Interview

A sense of belonging

Everyone has a theory on why your books work so well. You must have one too?

I myself don't know what makes my books work. I enter a bookstore and I'm frankly overwhelmed by the number of books in most of them and I know people are buying mine. It's quite humbling. But if I had to guess, I'd say it's because I write about real people. The real middleclass India that has always been looking for a voice that is its very own. I write about it because I belong to it. I don't use big complicated words. And that makes it easy to read them, even for people who aren't really readers. The younger generation is surrounded by the Internet, apps, and video games. But somehow, my books make them read. I try to incorporate a little of everything. A message, a story, humour… but make it so that it's a pleasure to read at the same time.

And is your choice of plots part of the reason for your success?

For any author, it's virtually impossible to write effectively about what they don't know. I know the middleclass Indian life firsthand. I know about the struggles of a student. If you told me to write a Harry Potter, I couldn't. But then, J.K. Rowling couldn't write about IITs. I suppose the lucky bit here is that the India I know constitutes a large part of the country. My latest book is about Varanasi, and that's a deliberate move on my part, because I noticed that while I have a large readership in small towns, so far, I hadn't given them a voice in my books. I know most writers want to be published in the US and UK after becoming famous in India, but for me, it's very important that even the smallest part of my own country experiences my writings and feels like a part of it.

Do you think part of your popularity is also connected with who you are, and how you are?

It's important for the author to be easy to relate to, as well as the book. I have to travel a lot for my books. And I always wonder to myself, who are the people reading Chetan Bhagat there. In Bastar, I learned that my books were used to teach English to the tribal children. At the same time, I've gone to pan-IIT conferences and been invited to New York to address a financial company. Of course, I write my books in English because yes, I am most comfortable writing in that language, but I'm almost equally comfortable with Hindi too. So it becomes possible for me to relate to a diverse readership.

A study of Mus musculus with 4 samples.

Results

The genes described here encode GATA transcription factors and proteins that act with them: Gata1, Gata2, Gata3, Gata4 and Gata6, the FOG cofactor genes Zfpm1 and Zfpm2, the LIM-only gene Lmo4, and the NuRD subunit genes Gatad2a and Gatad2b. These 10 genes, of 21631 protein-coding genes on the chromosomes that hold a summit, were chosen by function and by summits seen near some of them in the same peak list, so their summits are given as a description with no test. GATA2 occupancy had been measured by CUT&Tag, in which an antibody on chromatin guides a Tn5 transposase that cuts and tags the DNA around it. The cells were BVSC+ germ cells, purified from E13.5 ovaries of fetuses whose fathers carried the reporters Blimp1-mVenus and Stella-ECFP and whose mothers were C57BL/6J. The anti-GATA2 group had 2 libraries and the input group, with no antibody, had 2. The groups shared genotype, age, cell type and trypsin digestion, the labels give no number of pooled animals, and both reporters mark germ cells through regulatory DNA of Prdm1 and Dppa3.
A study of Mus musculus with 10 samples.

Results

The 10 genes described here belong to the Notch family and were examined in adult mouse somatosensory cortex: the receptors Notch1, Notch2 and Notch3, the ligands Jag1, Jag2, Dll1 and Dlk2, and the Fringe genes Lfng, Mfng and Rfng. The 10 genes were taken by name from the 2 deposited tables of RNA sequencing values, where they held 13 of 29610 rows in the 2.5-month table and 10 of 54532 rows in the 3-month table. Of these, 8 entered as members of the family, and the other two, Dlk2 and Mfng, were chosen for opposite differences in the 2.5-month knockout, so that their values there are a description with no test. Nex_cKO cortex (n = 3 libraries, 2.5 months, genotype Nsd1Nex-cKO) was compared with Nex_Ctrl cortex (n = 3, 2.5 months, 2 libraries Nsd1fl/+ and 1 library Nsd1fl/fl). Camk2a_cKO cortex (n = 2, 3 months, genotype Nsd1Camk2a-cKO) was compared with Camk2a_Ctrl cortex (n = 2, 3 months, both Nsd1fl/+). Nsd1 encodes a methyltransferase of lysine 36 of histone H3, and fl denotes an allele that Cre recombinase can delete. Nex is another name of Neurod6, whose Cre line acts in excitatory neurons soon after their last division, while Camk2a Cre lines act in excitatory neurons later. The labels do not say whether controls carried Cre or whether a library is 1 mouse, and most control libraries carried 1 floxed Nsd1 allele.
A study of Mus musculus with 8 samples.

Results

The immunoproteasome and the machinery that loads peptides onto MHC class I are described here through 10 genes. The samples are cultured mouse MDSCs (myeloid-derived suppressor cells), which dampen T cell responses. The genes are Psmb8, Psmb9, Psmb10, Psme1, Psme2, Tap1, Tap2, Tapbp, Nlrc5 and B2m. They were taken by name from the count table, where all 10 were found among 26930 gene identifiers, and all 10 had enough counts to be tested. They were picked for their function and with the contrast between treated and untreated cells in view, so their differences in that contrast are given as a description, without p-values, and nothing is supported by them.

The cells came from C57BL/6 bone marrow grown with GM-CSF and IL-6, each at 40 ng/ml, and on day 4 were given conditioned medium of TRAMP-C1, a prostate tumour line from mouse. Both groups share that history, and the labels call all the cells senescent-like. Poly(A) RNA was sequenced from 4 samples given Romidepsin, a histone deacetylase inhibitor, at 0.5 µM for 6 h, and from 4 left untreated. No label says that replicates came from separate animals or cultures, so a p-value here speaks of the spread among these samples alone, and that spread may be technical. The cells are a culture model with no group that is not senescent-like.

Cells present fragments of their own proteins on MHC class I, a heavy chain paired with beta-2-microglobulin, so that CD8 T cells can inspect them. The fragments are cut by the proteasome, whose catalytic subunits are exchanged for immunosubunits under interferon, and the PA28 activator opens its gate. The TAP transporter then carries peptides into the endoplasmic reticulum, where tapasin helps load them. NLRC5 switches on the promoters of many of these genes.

The writing style of your novels is easy, some would say too easy. Is that a deliberate move?

A large part of India isn't used to reading English books. English isn't our first language, and reading an English book is a big deal to some people. I write in simple, straightforward English, the kind that is easy for a beginner reader to read and understand, to enjoy. I suppose you can say I use middleclass English. I've never claimed to be the best writer there is, I'm not eloquent and I don't write long, complicated sentences. But I do write books that work because when a child wants to read a book about his country, a book he can understand, a book that improves his English but doesn't overwhelm him, he picks my books. I think that is very important. I've also been told by people that sometimes, when NRIs come to India, they take back pickles and Chetan Bhagat books. It's a great feeling, to be read so universally, to have a readership that is so diversified, and to cater to so many different needs. I don't write series style books. Anyone can pick up any book they like the sound of and start from there. Youngsters have loved Five Point Someone and Three Mistakes, but I know a lot of older crowd really liked Two States. It's like, a Shah Rukh Khan is equally loved by fans abroad and in huge metropolitans as well as by slum dwellers.

How do you handle the backlash, the critics?

There's so much criticism, it's reached almost a disproportionately obsessive level. But I think that comes with the territory. And I think it's good, it keeps me from getting big-headed. The one thing that does bother me is when people attack my readers. That isn't fair. Though I've never claimed to be a highbrow literary writer, reading my books doesn't automatically make someone lowbrow and unintelligent. But elitism is always confused with excellence. Elitism judges, excellence doesn't. Elitism gives the purists a reason to criticise and comment. I think most of the criticism also stems from the fact that for a long time, literature had always been sort of like a closed club. My books open up reading to everyman. The way I see it, why not? If all sorts of music can be enjoyed by everyone, why can't books be enjoyed by everyone too? I'm not saying enjoy just my books, but I think it's unfair to judge my readers or my books based on the fact that it isn't highbrow literature. It's a form of entertainment, and it should be available to anyone. It's a consolation though that my critics haven't been able to stop me. My books are still selling. And my readers are loyal to me. That's all that really matters, isn't it?